On January 9, 2012, the Internal Revenue Service (IRS) announced another opportunity for U.S. taxpayers to voluntarily inform the IRS of previously
undisclosed foreign financial accounts in hopes of avoiding criminal prosecution and to reduce civil penalties.
This offshore voluntary disclosure program follows the closure of the 2009 and 2011 programs and is part of the IRS’s continued efforts to crack down
on nondisclosure of foreign assets. The third program opens as the IRS continues its efforts with the Department of Justice to pursue criminal
prosecution of international tax evasion. The program does not have any official submission deadlines. However, the IRS has the ability to change the
program at any time which could include the imposition of higher penalties.
Building on the IRS’s reduced-penalty Offshore Voluntary Disclosure Program in 2009 and 2011 that resulted in 33,000 submissions, the new Offshore
Voluntary Disclosure Program (OVDP) is intended to provide an opportunity for taxpayers to become compliant with their tax filing obligations.
According to IRS Commissioner Douglas Shulman, the program gives those with money in undisclosed foreign accounts a chance to volunteer the information
because “people need to come in and get right with us before we find you. We are following more leads and the risk of people who do not come in
continues to increase.” The first two programs resulted in the IRS collecting over $4.4 billion. The IRS expects to collect more as it completes its
processing of the 2011 submissions.
Requirements Under New OVDP
Under the OVDP, taxpayers generally can avoid the risk of criminal prosecution and the imposition of significantly higher civil and criminal penalties
if, they disclose all of their previously undisclosed foreign financial accounts and:
File or amend federal income tax returns for all tax years covered by the voluntary disclosure, generally up to the last eight years (covered
File or amend offshore-related information returns (including Form TD 90-22.1, Report of Foreign Bank and Financial Accounts (FBAR)) for the
Cooperate in the voluntary disclosure process, and with respect to the covered years, agree to: (1) pay all unpaid taxes (and interest with respect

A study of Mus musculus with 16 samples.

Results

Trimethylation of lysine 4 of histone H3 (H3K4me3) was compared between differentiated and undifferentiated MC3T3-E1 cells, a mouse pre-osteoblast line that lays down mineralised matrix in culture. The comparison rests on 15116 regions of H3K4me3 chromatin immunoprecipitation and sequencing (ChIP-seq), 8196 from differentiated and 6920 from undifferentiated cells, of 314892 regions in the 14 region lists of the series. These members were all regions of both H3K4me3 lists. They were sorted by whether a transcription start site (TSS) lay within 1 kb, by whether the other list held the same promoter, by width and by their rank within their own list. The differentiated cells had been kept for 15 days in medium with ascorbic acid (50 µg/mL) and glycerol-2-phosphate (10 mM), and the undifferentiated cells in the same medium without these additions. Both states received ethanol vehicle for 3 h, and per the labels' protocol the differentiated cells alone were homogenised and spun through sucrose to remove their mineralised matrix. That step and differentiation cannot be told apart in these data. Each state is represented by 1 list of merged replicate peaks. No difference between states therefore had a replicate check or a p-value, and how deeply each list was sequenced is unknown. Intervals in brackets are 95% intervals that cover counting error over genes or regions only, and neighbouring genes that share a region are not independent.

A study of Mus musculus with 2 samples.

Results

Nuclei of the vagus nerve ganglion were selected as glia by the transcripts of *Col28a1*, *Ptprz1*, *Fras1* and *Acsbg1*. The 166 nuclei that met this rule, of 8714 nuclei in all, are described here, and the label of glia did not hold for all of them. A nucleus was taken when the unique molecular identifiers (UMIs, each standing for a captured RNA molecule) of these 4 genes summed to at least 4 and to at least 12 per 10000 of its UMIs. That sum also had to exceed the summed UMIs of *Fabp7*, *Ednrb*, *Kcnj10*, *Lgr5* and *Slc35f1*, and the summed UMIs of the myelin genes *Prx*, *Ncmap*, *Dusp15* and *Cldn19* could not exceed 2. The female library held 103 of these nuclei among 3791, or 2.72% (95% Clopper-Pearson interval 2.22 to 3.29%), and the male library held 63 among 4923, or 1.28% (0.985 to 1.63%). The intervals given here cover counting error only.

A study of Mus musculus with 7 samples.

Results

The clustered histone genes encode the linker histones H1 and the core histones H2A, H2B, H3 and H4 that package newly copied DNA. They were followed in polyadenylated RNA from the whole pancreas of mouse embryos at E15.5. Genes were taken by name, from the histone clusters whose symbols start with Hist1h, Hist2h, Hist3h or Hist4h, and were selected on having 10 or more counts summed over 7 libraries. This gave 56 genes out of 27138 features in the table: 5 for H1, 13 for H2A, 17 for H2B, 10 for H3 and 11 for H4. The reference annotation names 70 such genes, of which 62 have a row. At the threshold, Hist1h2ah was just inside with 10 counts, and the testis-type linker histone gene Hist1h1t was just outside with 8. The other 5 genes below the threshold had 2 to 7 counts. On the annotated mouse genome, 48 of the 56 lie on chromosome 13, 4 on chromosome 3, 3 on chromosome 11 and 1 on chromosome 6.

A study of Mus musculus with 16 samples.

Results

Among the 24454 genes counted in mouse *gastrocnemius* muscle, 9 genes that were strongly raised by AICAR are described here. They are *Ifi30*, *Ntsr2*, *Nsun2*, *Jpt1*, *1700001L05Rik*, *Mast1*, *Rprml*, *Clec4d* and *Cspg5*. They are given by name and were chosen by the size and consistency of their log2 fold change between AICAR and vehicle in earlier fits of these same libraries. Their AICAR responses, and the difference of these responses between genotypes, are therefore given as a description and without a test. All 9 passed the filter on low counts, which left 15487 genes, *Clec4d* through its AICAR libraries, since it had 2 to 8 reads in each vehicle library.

thereto); (2) pay an accuracy or delinquency penalty on the overdue tax; and (3) in lieu of all other penalties that may apply, pay a penalty equal
to 27.5% (or in limited cases, 12.5% or 5%) of the highest aggregate balance held in the account during the covered years (FBAR Penalty).
The 27.5% penalty is an increase of 2.5% from the 2011 program. Notably, eligibility for the 12.5% FBAR Penalty is limited to certain taxpayers whose
foreign account never had a balance greater than $75,000.
As before, in the absence of complying with the OVDP, a U.S. person’s non-willful violation of the requirement to disclose his or her interest in an
applicable foreign financial account through the filing of an FBAR could result in a civil penalty up to $10,000 per violation; whereas a willful
violation could result in a civil penalty equal to the greater of $100,000 or 50% of the balance in the account at the time of the violation. These
penalties are in addition to any criminal penalties relating to their income tax returns (e.g., filing a false return), including fines and
imprisonment that could apply.
Who Should Participate in the 2011 OVDI?
In short, any U.S. person, whether residing in the United States or abroad, who has a financial interest in or signature authority over any financial
account in a foreign country, is required to file an FBAR disclosing their interest in such accounts, if the aggregate value of these accounts exceeds
$10,000. A U.S. person includes both U.S. citizens and resident aliens. Therefore, if you are a U.S. person with such an interest or signature
authority over a foreign financial account during the covered years, and you have not previously filed an FBAR with respect to such account, you should
strongly consider taking advantage of the OVDP.
Filing a Voluntary Disclosure under the OVDP
In the coming months the IRS will release the more details about the new program. Given the high stakes involved and the amount of time it can take to
obtain the foreign financial records necessary to make a voluntary disclosure, U.S. taxpayers who would like to take advantage of the program should
get started immediately. The McGuireWoods Tax Controversy Team has assisted numerous individuals and companies in complying with their FBAR obligations
and the tax and information reporting requirements associated therewith.
The 2011 Offshore Voluntary Disclosure Initiative Frequently Asked
Questions and Answers are
available online. For related commentary, see our previous alerts:
Please do not hesitate to contact any of us or any member of the McGuireWoods Tax Controversy Team if you would like additional information on your
options for reporting a previously undisclosed foreign financial account.